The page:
Dead People I Have Known, a memoir, just won the General Non-Fiction category at the New Zealand Book Awards.
The judges were Hocken librarian and documentary and cultural heritage collections advisor Sharon Dell, bookseller and reviewer Stella Chrysostomou and journalist Guyon Espiner. Their comments, per the press release:
“From the first page, Shayne Carter invites the reader to jump right in and come along for the ride. What follows is an illuminating insight into his childhood, shaped by violence and addiction, of a boy who didn’t fit in and felt saved by music … it is a fascinating look at what it means and feels like to be a creative obsessive – pushing towards perfection despite and because of, addiction, oblivion, and isolation … It is rock-star writing: entertaining, revealing and incredibly heartfelt.”
Carter also took out the E.H. McCormick Prize for best first work of General Non-Fiction. That prize was worth $2500; his wider category win was worth $10,000.
The award ceremony was streamed on YouTube. Winners gave speeches to their screens – no-one got anywhere near a stage. So we thought we’d run a wee bit of the opening section from Dead People I Have Known, where Carter does get his proper dues.
It’s 2005 and we’re at the bNet Awards.
I’m in the town hall with my head in a pot full of serotonin. About me is the full scent of perfume, freshly pressed jackets, fear, alcohol. I have taken a pill, a very strong pill, and the first effect of it just dropped. My bandmates all wear baffled looks that probably mirror my own.
Half an hour ago we opened the show with two of our favourite tunes, and when our last chord died, it lifted skywards and stayed in the rafters like an old-school victory banner.
Straitjacket Fits are fresh from a tour where we’ve regrouped for a short reunion, and it’s our last stop tonight. We thought we should celebrate, naughtily, a bit illicitly – but back in our seats the wisdom of this may have died.
It’s the bNet New Zealand Music Awards, an evening to honour New Zealand’s edgiest musicians. Half of Auckland is here, turned out in their town hall gear.
There’s a roar. The Prime Minister has come out on the stage. Helen Clark is popular with loser musicians because she’s the Arts Minister, and she has been for six years. She seems to genuinely care about people no one else cares about.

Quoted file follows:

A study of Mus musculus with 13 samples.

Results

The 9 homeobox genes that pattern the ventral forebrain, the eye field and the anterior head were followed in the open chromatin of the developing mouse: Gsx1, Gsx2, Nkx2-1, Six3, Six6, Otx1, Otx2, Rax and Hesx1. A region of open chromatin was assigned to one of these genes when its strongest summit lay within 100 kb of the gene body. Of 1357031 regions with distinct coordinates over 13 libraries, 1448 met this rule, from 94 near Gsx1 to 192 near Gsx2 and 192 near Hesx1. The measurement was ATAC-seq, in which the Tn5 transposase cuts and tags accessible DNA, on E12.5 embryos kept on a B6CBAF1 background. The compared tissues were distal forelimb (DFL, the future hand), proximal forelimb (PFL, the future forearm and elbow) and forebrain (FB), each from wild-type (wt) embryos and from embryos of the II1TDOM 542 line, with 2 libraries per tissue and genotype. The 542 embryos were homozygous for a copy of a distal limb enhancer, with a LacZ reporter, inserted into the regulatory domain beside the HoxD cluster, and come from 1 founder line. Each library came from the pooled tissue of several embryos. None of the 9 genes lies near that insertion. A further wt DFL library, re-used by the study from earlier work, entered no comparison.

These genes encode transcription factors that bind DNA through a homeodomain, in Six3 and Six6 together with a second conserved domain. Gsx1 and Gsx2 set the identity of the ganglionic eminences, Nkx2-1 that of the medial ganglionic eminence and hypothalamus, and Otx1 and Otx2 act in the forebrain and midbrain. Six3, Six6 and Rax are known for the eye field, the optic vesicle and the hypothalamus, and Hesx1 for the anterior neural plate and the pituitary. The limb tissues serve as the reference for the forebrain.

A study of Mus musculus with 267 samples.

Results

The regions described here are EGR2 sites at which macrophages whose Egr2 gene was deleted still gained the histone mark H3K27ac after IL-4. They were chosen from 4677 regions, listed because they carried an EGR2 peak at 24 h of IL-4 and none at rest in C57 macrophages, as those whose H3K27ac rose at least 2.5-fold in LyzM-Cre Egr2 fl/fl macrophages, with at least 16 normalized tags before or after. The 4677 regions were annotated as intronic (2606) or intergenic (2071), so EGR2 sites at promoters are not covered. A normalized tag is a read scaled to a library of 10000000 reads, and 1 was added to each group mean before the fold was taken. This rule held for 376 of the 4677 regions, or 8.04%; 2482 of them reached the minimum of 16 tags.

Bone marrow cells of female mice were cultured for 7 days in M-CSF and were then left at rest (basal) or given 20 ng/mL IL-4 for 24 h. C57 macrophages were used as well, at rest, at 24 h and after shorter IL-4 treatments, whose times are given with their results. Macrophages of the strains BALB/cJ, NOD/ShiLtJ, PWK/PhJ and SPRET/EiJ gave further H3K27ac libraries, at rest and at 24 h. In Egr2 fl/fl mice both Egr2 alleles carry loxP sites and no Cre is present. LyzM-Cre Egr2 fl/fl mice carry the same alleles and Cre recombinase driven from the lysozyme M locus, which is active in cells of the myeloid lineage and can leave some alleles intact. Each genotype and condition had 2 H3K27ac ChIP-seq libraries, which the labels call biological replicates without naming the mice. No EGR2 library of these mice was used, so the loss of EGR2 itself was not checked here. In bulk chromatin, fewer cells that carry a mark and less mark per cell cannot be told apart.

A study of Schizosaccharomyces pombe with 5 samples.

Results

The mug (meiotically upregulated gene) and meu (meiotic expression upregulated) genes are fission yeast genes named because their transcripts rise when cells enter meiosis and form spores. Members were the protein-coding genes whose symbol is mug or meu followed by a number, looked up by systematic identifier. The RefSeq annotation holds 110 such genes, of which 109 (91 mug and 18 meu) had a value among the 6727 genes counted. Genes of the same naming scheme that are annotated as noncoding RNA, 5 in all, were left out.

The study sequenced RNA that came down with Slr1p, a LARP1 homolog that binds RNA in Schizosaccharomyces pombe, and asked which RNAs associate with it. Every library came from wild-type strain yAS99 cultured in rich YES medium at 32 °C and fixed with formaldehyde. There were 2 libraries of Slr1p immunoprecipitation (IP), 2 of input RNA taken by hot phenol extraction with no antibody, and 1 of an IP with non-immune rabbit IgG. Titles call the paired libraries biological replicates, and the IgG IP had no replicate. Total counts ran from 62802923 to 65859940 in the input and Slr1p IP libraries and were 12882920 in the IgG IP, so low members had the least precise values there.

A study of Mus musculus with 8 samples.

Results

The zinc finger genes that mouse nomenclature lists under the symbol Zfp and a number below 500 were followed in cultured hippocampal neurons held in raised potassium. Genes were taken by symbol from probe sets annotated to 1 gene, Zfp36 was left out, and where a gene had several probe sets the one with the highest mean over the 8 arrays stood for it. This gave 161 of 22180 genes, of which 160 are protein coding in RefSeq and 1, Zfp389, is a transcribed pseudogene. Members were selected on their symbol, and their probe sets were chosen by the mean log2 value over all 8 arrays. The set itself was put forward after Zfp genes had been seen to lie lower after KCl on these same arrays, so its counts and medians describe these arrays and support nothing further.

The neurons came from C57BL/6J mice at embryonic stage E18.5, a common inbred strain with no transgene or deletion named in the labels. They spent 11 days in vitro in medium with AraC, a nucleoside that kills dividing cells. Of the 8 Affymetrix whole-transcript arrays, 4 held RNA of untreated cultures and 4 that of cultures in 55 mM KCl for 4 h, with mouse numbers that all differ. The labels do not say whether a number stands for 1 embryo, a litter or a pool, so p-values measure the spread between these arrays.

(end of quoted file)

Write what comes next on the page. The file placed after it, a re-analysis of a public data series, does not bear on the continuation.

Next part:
She starts a speech that I’m too far off to hear, her voice low and buried, like a shovel. Slowly, key words wander in from the haze.
“High school punk band … Dunedin… the Doublehappys … Straitjacket Fits … ”
It is now apparent that her speech concerns me. There is no joy in this realisation, just an immense dread, brought on by the potent E.
“And the bNet Lifetime Achievement Award goes to Shayne Carter,” the Prime Minister says, confirming my fears.
The audience claps and starts to stand, and I stand too, like I’ve been sent to the gallows.
I set out on a lonely walk.
As I take the stairs to the podium, I risk a quick peek at the crowd and I can see that it goes back forever. People are peering down from the balcony.
The Prime Minister waits at the rostrum, clutching a statuette, and she wears a dark blue pant suit and red lipstick. She looks different in real life, but maybe that’s just me.
With no real plan, I charge across the stage. Best to get this over.
“Heh heh heh,” the PM says as I press her into my chest.
She takes a short step backwards and hands me my award, smoothing the front of her top.
“Congratulations, Shayne,” she says.
“Thanks, Helen,” I reply, as casually as I can.
I turn to face the mob.
“Thanks,” I say, and my thanks slaps back.
“I wasn’t expecting this, so thanks,” I go, repeating myself.
This is the whole of my speech.
The Prime Minister makes small chit-chat as we walk backstage, but I don’t listen because I’m busy plotting an escape route, any escape route, one that is as fast as possible.
I’m now aware of the two men hovering around us in understated suits, both of them blending with the walls. Wires curl up from their collars and into white plastic pieces in their ears, and when I catch the eye of one of them he gives me a lift of his eyebrow as if to say, “Tied one on, eh matey?”
This is my cue to run. I touch the Prime Minister gently on the elbow. “I’m feeling a bit overwhelmed, Helen. I think I’m going to have to go away and compose myself.”
Without waiting for her response, I turn and stride off down the hall.